We learned recently that PlayStation is back! And no, we’re not talking about the Sony console that took over the digital-gaming world back in 1994. We’re talking about the 105-ft catamaran launched in New Zealand in December 1998, to fill adventurer Steve Fossett’s (April 22, 1944–September 3, 2007) ambitions of breaking numerous world sailing records. At a cost of $7 million, PlayStation was built for speed using state-of-the-art materials, construction, and operation. The boat will also be known to some readers as Cheyenne.
Fossett operated Cheyenne for many years throughout the 2000s, chasing records and wins, including Laurent Bourgnon’s 540-mile 24-hour record, set on Primagaz in the Atlantic in 1994; transatlantic records; the Fastnet Race; the Jules Verne Trophy; and the year 2000’s The Race, a historic, no-rules race around the world for unlimited sailing vessels. The original crew included local sailors Peter Hogg and Stan Honey. We kept up with many of the boat’s adventures, such as the addition of extra length in 2000, making her a 125-ft cat; a forestay issue that threatened her 2004 Jules Verne record attempt, by which time she had also been renamed Cheyenne; her dismasting off the coast of Argentina while sailing the Oryx Quest around-the-world race in 2005; and the damage caused by an exploded liferaft canister in 2008. The well-traveled boat even graced the cover of Latitude 38′s June 1999 issue.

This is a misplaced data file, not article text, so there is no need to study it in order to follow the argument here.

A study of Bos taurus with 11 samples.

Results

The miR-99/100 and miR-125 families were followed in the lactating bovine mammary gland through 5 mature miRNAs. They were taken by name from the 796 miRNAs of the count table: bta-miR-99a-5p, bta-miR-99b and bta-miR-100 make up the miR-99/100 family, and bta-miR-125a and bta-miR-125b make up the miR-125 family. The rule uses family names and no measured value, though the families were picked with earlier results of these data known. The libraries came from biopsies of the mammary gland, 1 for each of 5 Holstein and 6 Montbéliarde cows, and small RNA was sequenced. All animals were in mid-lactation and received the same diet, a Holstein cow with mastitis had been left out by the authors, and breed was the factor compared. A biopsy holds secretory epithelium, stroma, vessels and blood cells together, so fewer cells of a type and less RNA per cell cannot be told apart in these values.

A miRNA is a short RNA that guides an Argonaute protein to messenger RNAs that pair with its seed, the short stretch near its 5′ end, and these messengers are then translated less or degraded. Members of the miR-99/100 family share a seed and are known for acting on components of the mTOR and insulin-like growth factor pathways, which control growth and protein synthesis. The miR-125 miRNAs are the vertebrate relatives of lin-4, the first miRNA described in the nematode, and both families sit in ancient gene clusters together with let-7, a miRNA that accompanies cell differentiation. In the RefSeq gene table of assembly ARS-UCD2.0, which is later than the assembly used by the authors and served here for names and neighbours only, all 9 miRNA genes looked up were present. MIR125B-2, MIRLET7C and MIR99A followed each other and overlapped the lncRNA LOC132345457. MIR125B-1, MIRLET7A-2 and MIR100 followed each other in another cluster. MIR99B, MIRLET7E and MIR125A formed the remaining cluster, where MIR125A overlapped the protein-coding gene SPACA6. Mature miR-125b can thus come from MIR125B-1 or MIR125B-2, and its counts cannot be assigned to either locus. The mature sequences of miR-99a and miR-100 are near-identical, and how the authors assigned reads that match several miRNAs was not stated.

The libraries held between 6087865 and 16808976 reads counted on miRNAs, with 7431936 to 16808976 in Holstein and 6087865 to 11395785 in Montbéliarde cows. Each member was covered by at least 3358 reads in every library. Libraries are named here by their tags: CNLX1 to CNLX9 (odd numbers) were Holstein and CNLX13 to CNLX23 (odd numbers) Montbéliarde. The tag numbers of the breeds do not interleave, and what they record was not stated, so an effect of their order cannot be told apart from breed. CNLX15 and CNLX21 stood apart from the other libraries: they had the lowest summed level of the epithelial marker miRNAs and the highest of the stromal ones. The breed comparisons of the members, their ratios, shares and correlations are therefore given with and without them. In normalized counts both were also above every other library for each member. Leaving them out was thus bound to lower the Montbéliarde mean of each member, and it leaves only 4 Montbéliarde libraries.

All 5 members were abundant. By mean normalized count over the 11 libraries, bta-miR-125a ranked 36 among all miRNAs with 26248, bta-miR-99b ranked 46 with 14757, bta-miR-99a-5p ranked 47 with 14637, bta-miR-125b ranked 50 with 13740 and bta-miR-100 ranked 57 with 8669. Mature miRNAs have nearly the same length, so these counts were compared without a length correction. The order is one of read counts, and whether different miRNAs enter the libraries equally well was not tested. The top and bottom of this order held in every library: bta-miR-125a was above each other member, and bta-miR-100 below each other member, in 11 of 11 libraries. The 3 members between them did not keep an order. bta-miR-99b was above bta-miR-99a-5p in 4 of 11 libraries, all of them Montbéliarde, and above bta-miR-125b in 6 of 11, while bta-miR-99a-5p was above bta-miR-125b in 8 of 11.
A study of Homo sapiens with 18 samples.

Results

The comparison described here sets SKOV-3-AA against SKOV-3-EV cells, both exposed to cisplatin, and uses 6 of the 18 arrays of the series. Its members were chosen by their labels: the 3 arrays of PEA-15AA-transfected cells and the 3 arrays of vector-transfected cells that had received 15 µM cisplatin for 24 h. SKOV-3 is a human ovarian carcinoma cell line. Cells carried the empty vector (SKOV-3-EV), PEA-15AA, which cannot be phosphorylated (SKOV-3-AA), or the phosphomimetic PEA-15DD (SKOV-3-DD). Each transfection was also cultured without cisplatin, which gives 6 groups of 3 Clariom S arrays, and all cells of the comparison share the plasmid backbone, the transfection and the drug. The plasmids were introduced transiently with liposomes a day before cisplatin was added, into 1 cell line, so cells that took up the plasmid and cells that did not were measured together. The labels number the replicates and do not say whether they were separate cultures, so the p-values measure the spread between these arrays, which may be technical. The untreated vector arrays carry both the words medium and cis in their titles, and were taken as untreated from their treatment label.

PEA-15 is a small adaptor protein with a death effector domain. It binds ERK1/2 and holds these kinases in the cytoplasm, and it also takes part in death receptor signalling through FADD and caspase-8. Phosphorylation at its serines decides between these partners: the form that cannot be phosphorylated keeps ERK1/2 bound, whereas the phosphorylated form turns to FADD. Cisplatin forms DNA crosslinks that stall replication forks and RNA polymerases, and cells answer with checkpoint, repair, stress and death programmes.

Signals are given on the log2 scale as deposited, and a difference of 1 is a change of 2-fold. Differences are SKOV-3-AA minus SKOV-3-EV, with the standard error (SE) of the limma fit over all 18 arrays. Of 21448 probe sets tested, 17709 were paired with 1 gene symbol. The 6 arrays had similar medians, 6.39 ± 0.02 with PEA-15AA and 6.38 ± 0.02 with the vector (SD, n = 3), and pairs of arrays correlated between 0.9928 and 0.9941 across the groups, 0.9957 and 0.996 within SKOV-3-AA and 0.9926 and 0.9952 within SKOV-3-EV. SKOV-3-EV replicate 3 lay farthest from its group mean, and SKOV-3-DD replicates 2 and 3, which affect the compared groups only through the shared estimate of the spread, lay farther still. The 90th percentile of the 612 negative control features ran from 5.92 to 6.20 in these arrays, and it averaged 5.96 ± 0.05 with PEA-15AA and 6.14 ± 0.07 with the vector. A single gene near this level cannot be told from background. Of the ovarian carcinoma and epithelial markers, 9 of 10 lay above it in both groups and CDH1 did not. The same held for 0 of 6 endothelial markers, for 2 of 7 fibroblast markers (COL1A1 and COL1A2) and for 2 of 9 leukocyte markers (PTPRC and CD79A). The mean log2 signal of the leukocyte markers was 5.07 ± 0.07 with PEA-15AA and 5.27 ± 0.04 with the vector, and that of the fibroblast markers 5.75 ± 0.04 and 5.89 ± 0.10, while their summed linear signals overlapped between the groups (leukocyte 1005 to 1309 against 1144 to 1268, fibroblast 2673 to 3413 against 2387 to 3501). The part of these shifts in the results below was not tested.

In the midst of all her adventures, Cheyenne was repurposed to become a support vessel for Fossett’s attempt to take a submarine almost seven miles below the sea surface, to the bottom of the Mariana Trench. However, Fossett died in a plane crash just weeks before he was to undertake the mission. Cheyenne was later bought by Bay Area sailor Chris Welsh, who wanted to use the boat to support his own environmental and scientific research, which also included submarine deep-diving. After Welsh died in 2021 we lost track of the boat.
We have now learned that Cheyenne has spent the past three and a half years in Japan. She and her crew had arrived in Okinawa for a few weeks of diving (not scuba) before heading back to San Francisco. The crew dispersed for Christmas and then COVID hit, leaving the boat under management in a foreign port. Here we need to thank our friend Bruce Balan of SV Migration for the tip about Cheyenne‘s return to the Bay Area. Konpira Consulting had been looking after the crew’s needs upon their arrival in Japan, and when no one came back, took on the task of looking after the trapped vessel. This month they shared the story, titled “Reuniting a Boat with Her Owner,” on their company website. Here we learned that Cheyenne passed beneath the Golden Gate Bridge in the late hours of August 3 to return to her berth at Sugar Dock in Richmond.
We don’t yet know what the next chapter of this iconic boat’s story entails, but when we find out, we’ll let you know.
Thanks to Chuck Hawley for hooking us up with this video of Playstation’s second transatlantic attempt:
W also found this AP YouTube video about Fossett’s transatlantic attempt aboard PlayStation in 2000. Enjoy!